Over Half Of NBN Customers Are On Telstra

Over Half Of NBN Customers Are On Telstra

At today’s Telstra half-year financial results (ending December 31, 2016), the telco revealed it has added 292,000 new customers for its NBN services over a six-month period. It now has 792,000 NBN customers; making up 51% of the fixed-line NBN market. Around 636,000 of those connections are for fixed-voice and data bundle and
52,000 are data only connections.

Bear in mind, Telstra has started migrating its copper network users onto the NBN so not all of those connections are from new customers. According to the financial results, Telstra added 90,000 fixed data retail customers in the second half of 2016.

As of December 31, 2016, there were 1.6 million active users on the NBN network.

“Telstra has performed well in a highly competitive market, gaining subscriber numbers in mobiles, retail fixed plans and market share in NBN despite increased competition,” the company said in its financial report.

While Telstra has accumulated a lot of NBN customers, growth in competition in the market has driven down the revenue it makes per connection. Average revenue per user (ARPU) for fixed-data services, including NBN services, has been driven down as competition heats up.

Earnings before interest, tax, depreciation and amortisation (EBITDA) margins for fixed-line services are also down:

“Fixed voice and fixed data EBITDA margins declined compared to the prior corresponding period due to the upfront costs in connecting our NBN customers in addition to growing ongoing network payments to NBN Co.”

Telstra is banking on its bundled services and complementary products to attract even more customers to subscribe to its NBN services:

“We are determined to become Australia’s leading provider of consumer and business services on the nbn. We have a clear strategy to differentiate our services based on network quality and unique products and content experiences that are better with Telstra, such as Telstra Air and Telstra TV.”

Overall, Telstra’s half-year financial results were disappointing. Profits were down by 14.4% to $1.79 billion and revenue declined 3.6% to $12.8 billion.


    Then NBN comes online and Telstra call back the customers and tell them they are now required by NBN Co to move the customer over to NBN as the landline phones will very soon be disconnected (which isn’t true, it takes them years to disconnect the landlines). Of course the NBN plan they offer doesn’t have any special discount applied and the customer will have to pay a hefty fee to break their recently signed 24 month contract if they want to go with another provider. This way Telstra fraudulently takes away the choice that the NBN was supposed to give people.

    I have also heard unconfirmed reports from people who tell me Telstra representatives told them that because they were a Bigpond ADSL customer NBN Co won’t allow them to change to a different provider for NBN.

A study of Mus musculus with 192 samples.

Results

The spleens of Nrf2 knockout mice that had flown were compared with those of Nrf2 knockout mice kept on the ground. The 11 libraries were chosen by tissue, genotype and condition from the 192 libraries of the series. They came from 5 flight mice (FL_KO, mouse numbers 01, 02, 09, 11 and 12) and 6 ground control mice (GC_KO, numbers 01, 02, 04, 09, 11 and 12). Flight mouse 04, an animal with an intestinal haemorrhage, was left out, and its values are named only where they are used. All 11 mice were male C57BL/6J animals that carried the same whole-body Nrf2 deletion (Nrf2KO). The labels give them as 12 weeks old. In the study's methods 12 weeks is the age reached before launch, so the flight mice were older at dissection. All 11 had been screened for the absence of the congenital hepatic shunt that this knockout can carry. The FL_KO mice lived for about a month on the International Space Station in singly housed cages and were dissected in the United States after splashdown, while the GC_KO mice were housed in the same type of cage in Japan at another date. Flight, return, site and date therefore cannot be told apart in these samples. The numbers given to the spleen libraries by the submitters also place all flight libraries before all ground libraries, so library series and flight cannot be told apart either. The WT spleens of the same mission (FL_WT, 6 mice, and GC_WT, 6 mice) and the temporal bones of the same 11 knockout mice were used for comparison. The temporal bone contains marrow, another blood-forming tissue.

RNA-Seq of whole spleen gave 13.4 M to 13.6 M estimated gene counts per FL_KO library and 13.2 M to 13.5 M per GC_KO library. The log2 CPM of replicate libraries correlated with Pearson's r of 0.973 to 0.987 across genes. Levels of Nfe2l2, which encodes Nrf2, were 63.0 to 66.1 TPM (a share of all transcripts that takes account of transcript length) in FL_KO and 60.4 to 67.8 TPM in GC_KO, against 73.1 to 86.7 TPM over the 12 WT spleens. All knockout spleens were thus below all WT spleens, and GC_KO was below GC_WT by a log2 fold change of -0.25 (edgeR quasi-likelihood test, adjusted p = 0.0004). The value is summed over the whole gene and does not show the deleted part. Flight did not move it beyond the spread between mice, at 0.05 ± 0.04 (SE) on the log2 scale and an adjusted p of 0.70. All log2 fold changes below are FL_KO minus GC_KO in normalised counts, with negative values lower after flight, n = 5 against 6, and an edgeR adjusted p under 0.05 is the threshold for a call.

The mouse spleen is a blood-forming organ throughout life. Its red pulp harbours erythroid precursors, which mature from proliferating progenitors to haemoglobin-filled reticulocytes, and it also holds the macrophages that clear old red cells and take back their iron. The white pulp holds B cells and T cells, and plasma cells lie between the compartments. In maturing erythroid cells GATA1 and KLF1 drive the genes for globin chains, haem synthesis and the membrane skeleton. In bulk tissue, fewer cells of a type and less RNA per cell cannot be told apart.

I now advise all my customers to check with NBN Co if Telstra start calling offering discounts.

    • We had Telstra tell us that because they were a Bigpond ADSL customer NBN Co won’t allow them to change to a different provider for NBN and that we have to change over as the network is being switched off. That was 2 years ago, at the time we were also told that it had to be with them and we couldn’t change providers. We didn’t have to start a new contract period but we did have to stay locked in to our 24 month ADSL contract.

      I wasn’t too happy with the way we were treated (specifically my wife because she was the one they were dealing with, felt that she was being taken advantage of because she had no idea what they were talking about and signed up figuring she didn’t have a choice; however we were left happy with the service.
      That is until the contract was expired. Once that happened we were automatically charged an extra $10 a month with no notification, and because we had an automatic payment set up through online banking we were unaware of the bill not being paid in its entirety until about 6 months later when we started getting letters demanding payment.

      Called Telstra to ask what was going on and explained the situation but they were uncooperative, so we paid the outstanding amount and decided to look at other options. Found Optus were very competitive and because my wife had a phone with them received a further discount so we signed up. Cancelled Telstra and that when they decided that they could assist with better rates, but it was too late.

      Unfortunately, since changing to Optus we’ve experienced a much slower connection speed that fluctuates significantly throughout the day (0.5mbps – 9.5mbps on the basic plan that’s supposed to be 12mbps) and is almost unusable when trying to work from home.

      TL:DR, Telstra suck, but product is good, Optus are cheap but the product is very average.